OTTAWA, March 17 (Reuters) - Canada’s central bank is redefining the role of its No. 2 policymaker, introducing changes that may attract a broader range of candidates to fill the job when the current second-in-command, Tiff Macklem, steps down later this year.
To split off some of the responsibilities now undertaken by Macklem, the Bank of Canada’s senior deputy governor, the bank is creating the position of chief operating officer (COO), according to a job vacancy posted online by executive recruitment firm Boyden.
Until now, the bank’s No. 2 has been required to do the work of a COO, overseeing corporate planning and coordinating the bank’s operations, as well as helping to set monetary policy.
“The bank is redefining its management structure, which includes transferring the operational oversight that has traditionally been part of the senior deputy governor’s (SDG) role to the newly created position of chief operating officer,” the job description says.
“Reporting to the SDG, the COO will be devoted to managing the increasing complexity of the bank’s administrative functions, and ensure the operational sustainability, vitality and effectiveness of the bank.”
The restructuring of the upper echelons comes as bank Governor Stephen Poloz has his first chance since taking the helm last June to bring fresh faces into the bank’s six-member rate-setting Governing Council.
The bank is grappling with below-target inflation in Canada and sluggish exports that are holding back growth, a trend it said has been puzzling.
Macklem is leaving May 1 to become the dean of a business school in Toronto and Deputy Governor John Murray is retiring on April 30.
The planned changes would put the Bank of Canada more in line with the U.S. Federal Reserve, which has a standalone COO.
It also frees up the top policymakers to focus on economic analysis and monetary policy without the time-consuming distractions of issues such as building renovations or personnel.
The Bank of Canada confirmed that the dual responsibilities of the senior deputy governor would be reduced to focus on economics.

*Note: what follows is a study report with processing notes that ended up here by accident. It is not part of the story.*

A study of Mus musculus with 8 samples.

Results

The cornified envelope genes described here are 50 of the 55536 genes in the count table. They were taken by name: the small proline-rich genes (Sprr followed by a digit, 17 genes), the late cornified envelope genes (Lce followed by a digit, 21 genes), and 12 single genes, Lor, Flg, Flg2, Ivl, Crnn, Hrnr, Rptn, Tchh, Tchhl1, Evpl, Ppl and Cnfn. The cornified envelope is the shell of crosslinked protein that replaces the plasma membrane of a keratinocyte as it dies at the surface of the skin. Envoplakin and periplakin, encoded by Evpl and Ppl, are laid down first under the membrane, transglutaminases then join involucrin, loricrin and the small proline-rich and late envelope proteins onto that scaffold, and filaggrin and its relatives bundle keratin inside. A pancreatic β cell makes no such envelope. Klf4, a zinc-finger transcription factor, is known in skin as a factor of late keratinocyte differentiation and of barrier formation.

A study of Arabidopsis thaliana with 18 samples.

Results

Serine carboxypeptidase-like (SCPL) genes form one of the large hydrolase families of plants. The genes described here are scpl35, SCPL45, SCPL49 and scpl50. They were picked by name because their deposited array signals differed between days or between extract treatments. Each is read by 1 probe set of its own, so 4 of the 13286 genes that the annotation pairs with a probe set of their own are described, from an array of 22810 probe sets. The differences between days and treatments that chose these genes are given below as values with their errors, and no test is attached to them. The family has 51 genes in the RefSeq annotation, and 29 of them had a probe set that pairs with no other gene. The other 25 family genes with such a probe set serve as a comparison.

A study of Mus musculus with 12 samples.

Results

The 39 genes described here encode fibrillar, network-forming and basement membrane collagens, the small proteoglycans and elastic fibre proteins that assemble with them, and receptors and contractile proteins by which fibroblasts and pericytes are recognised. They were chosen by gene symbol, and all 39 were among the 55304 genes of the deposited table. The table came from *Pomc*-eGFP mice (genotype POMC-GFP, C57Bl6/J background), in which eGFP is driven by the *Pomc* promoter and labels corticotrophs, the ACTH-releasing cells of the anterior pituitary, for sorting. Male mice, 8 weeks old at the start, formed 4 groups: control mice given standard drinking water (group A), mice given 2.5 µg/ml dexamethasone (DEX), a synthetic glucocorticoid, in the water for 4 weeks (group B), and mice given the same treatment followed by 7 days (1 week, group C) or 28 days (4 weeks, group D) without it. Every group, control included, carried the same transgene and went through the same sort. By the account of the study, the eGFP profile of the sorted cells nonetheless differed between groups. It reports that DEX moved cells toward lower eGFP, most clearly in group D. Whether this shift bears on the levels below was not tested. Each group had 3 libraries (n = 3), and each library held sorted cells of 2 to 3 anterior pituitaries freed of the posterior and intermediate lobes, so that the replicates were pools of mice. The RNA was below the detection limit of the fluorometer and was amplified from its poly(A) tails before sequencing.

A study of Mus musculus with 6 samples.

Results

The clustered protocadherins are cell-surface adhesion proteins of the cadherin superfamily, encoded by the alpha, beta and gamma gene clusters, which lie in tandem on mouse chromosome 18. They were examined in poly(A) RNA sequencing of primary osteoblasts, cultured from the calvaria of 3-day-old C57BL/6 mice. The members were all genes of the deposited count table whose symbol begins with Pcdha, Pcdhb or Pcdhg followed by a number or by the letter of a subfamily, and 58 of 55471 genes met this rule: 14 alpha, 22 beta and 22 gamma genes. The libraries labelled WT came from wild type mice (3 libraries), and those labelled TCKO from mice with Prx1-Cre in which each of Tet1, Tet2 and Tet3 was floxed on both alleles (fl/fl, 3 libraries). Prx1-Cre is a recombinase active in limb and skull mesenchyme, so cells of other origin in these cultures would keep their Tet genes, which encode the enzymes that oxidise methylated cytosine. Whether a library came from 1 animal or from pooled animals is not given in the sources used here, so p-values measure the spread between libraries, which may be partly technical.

“This role is being redefined to emphasize the policy aspect,” said Dale Alexander, spokeswoman for the bank.
The senior deputy governor will continue to have ultimate responsibility for the bank’s operations but with the “added assistance of a COO,” she said.
The widely held view among central bank watchers has been that an internal candidate, likely a deputy governor, would succeed Macklem because someone with years of experience in the bank and an understanding of its inner workings was more likely to be able to take on those COO tasks.
But that assumption no longer holds true, and Macklem’s job could attract outsiders or economists who were otherwise deterred by those extra demands.
“It previously meant someone from the inside or someone who had worked at the bank would probably find it easier fitting into that role,” said Paul Ferley, assistant chief economist at the Royal Bank of Canada. “With them lessening that COO responsibility, it doesn’t make it as imperative.”
“It may not have prevented them hiring someone from the outside but certainly the hurdle isn’t as high as it used to be,” he said.
Ferley, who worked at the Bank of Canada earlier in his career, also said it could make the job “more attractive” to an economist who is interested in monetary policy but not so much in the operational side of things.
“There often was a feeling that the senior deputy governor spent an amount of time staying on top of the operations of the bank and didn’t have as much opportunity to stay involved in monetary policy analysis and monitoring the economy,” he said.
Macklem and his predecessor, Paul Jenkins, both had long histories in the Bank of Canada before stepping into the role of senior deputy governor.
The last four senior deputy governors did not go on to become governor, another possible deterrent to anyone who has aspirations for the top job.
Analysts so far have pointed almost exclusively to internal candidates as the strongest contenders to replace Macklem, with Jean Boivin and Agathe Cote the two mentioned the most.
Boivin, a former university professor, was a deputy governor at the central bank from 2010 until 2012, when he went to the finance ministry to become Canada’s finance deputy at the Group of Seven and Group of 20.
Cote was appointed deputy governor in 2010 after working her way up through the ranks of the institution after joining in 1982.
Both are native French speakers and Cote would be the first woman in the role.
“I think Agathe Cote may have a slight edge,” said Charles St-Arnaud, economist at Nomura Securities.
Deputy Governor Timothy Lane has been fingered as another possibility. He left the International Monetary Fund in 2008 to join the bank as an adviser to the governor. He was promoted to deputy governor in 2009.